This unit is managed for quality bucks. There are good numbers of mature bucks, but they rarely reach trophy status found in lower elevation mountain shrub and mild winter areas.
Bounded on N and E by US Highway 40; on S by County Highway 9 and Colorado River; on W by Canyon Creek and Muddy Creek-Yampa River divide (Gore Range Divide).
This unit has a lot of private land.
44% Private, 55% Public, 34% USFS, 6% BLM, 15% State, 51% Wilderness
This unit has good numbers of deer. The buck-to-doe ratios continue to increase as a result of limited buck hunting and mild winters. This unit is managed for quality bucks. There are good numbers of mature bucks, but they rarely reach trophy status found in lower elevation mountain shrub and mild winter areas.
Concentrate on transition zones that have aspen, shrub and coniferous cover. Deer tend to move west and down in elevation over the seasons, snow will move them faster and farther.
Public land and private land percentages can sometime be misleading. A unit may have 80% public land, but a particluar species may only occupy 20% on the entire area. And that 20% species distribution may lie 100% within private lands. Does that sound confusing? Just remember that there are always exceptions to the rule, and land ownership is just one piece of the puzzle.
Deer Management Plan
The Continental Divide and the Gore Range Divide encircle Middle Park. Most of this terrain is steep to very steep. Sagebrush/shrubs are common on southern exposures at lower elevations. The past decadefts mountain pine beetle killed an estimated 80 percent of mature lodgepole pine trees in Grand County, creating numerous hazards along public roadways as these trees begin to fall.
The Gore Range, north of the Colorado River, is a long ridge (10,000 feet elevation) that runs
north to Rabbit Ears Pass. The landscape north of Gore Pass Highway is heavily timbered,
primarily with lodgepole pine, aspen, Engelmann spruce and sub-alpine fir. The terrain is not
rugged by Colorado standards. South of Gore Pass the elevation drops rapidly into piñon and juniper
There are several major geographical features besides the Gore Range in this
area. They are: Thorpe Mountain, Blacktail Mountain, Green Ridge, Black Mountain, Congor
Mesa, and Yarmony Mountain. The main drainages in the Yampa River drainage are Harrison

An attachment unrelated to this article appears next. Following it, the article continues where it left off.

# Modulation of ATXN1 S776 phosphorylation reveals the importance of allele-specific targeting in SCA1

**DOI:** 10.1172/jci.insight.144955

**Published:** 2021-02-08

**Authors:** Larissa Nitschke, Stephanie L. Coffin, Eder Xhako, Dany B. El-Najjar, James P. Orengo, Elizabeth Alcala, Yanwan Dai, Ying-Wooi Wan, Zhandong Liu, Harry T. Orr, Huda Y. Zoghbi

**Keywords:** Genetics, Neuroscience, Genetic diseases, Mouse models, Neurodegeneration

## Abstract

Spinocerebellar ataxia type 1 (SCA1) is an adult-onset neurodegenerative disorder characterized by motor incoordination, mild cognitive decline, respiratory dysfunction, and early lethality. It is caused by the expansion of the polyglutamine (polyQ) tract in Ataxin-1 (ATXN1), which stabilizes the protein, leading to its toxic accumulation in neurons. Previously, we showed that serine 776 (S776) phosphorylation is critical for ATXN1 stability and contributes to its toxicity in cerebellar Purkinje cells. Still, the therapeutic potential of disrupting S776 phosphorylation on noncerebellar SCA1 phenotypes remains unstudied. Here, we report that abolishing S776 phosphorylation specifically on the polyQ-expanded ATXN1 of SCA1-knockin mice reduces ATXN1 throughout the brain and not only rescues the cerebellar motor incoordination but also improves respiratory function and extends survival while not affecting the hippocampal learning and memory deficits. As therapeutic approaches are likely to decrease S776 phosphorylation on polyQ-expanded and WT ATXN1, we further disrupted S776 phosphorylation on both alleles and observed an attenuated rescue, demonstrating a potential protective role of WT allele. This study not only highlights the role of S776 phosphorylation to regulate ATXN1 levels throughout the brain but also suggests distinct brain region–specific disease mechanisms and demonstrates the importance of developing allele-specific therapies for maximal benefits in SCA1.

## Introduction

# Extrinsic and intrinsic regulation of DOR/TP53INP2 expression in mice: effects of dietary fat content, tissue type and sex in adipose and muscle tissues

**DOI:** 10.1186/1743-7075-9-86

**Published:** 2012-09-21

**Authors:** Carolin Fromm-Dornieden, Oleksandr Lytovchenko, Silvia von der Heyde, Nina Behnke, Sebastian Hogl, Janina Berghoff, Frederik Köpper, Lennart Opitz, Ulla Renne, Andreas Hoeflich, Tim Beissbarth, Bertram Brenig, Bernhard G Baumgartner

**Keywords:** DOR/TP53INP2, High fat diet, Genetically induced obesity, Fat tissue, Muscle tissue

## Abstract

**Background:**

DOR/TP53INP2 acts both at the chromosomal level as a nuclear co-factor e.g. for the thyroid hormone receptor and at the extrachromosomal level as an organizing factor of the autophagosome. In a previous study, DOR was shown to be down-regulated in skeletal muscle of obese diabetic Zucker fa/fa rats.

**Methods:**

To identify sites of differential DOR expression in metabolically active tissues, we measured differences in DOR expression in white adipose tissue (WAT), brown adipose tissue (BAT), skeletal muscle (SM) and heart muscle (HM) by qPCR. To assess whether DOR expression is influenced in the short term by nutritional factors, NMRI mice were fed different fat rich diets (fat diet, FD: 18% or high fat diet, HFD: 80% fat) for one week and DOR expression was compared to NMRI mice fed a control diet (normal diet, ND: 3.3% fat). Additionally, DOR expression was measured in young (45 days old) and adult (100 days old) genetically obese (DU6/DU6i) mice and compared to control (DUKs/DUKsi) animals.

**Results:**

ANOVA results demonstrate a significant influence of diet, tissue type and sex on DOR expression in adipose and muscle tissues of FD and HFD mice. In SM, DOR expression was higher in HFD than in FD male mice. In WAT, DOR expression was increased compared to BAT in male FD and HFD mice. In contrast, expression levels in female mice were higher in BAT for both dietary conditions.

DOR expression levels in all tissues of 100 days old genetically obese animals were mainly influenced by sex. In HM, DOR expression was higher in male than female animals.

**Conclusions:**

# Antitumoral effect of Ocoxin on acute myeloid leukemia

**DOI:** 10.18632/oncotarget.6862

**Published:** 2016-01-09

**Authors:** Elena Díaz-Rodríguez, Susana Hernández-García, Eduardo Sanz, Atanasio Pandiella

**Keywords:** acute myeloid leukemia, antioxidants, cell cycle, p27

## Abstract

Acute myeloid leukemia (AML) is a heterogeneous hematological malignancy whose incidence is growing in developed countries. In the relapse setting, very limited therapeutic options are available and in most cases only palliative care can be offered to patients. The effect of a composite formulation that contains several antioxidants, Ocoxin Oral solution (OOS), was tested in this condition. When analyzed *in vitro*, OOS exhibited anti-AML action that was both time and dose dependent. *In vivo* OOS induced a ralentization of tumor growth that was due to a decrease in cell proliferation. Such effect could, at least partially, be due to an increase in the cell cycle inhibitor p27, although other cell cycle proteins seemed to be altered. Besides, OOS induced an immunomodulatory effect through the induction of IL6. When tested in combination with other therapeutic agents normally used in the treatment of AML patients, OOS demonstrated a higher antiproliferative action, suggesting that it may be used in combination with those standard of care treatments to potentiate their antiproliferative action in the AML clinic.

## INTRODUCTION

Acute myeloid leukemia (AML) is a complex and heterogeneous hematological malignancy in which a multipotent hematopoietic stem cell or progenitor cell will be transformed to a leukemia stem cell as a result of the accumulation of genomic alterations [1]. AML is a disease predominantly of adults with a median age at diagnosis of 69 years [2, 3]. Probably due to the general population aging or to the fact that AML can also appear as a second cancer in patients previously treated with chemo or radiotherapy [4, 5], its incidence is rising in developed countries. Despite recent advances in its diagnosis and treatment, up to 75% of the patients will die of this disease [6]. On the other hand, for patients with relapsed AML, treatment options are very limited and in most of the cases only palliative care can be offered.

Creek, Green Creek, Sarvis Creek, Silver Creek, and Morrison Creek. The main drainages in the
Colorado River drainage are Muddy Creek, Blacktail Creek, Rock Creek, and Egeria Creek.
highest elevation is Red Dirt Peak (10,811ft.) on Gore Divide and the lowest is the Colorado River
at State Bridge (6,744 ft.)
Weather can vary by elevation. See how weather varies by elevation within a unit by selecting an elevation range. Elevation ranges are based on weather stations in or near the unit. Not all weather elements are available within the unit.
Use temperature ranges to plan and prepare for your hunt. Large swings indicate a good layering system should be used.
Be sure to make note of the extreme temperatures as these often pose the greatest risk to hunters.
If you plan on hunting in higher elevation, as a rule of thumb, expect the tempture to decrease roughly 5° for every 1000' in elevation gain.
This unit has good numbers of deer. This unit is managed for quality bucks. There are good numbers of mature bucks, but they rarely reach trophy status found in lower elevation mtn shrub and mild winter areas.
Hot spots are located north of Hayden. Some good trophy bucks are seen in the southern portion. This area is not managed for trophy bucks, but it does have a good number of adult males in the population.
Deer herds will be scattered from 6,500ft to timberline and will move down to the lower elevation piñon-juniper areas as heavy snow arrives. Over 18" of snow will move the deer. Try hunting the aspen, open parks and shrublands.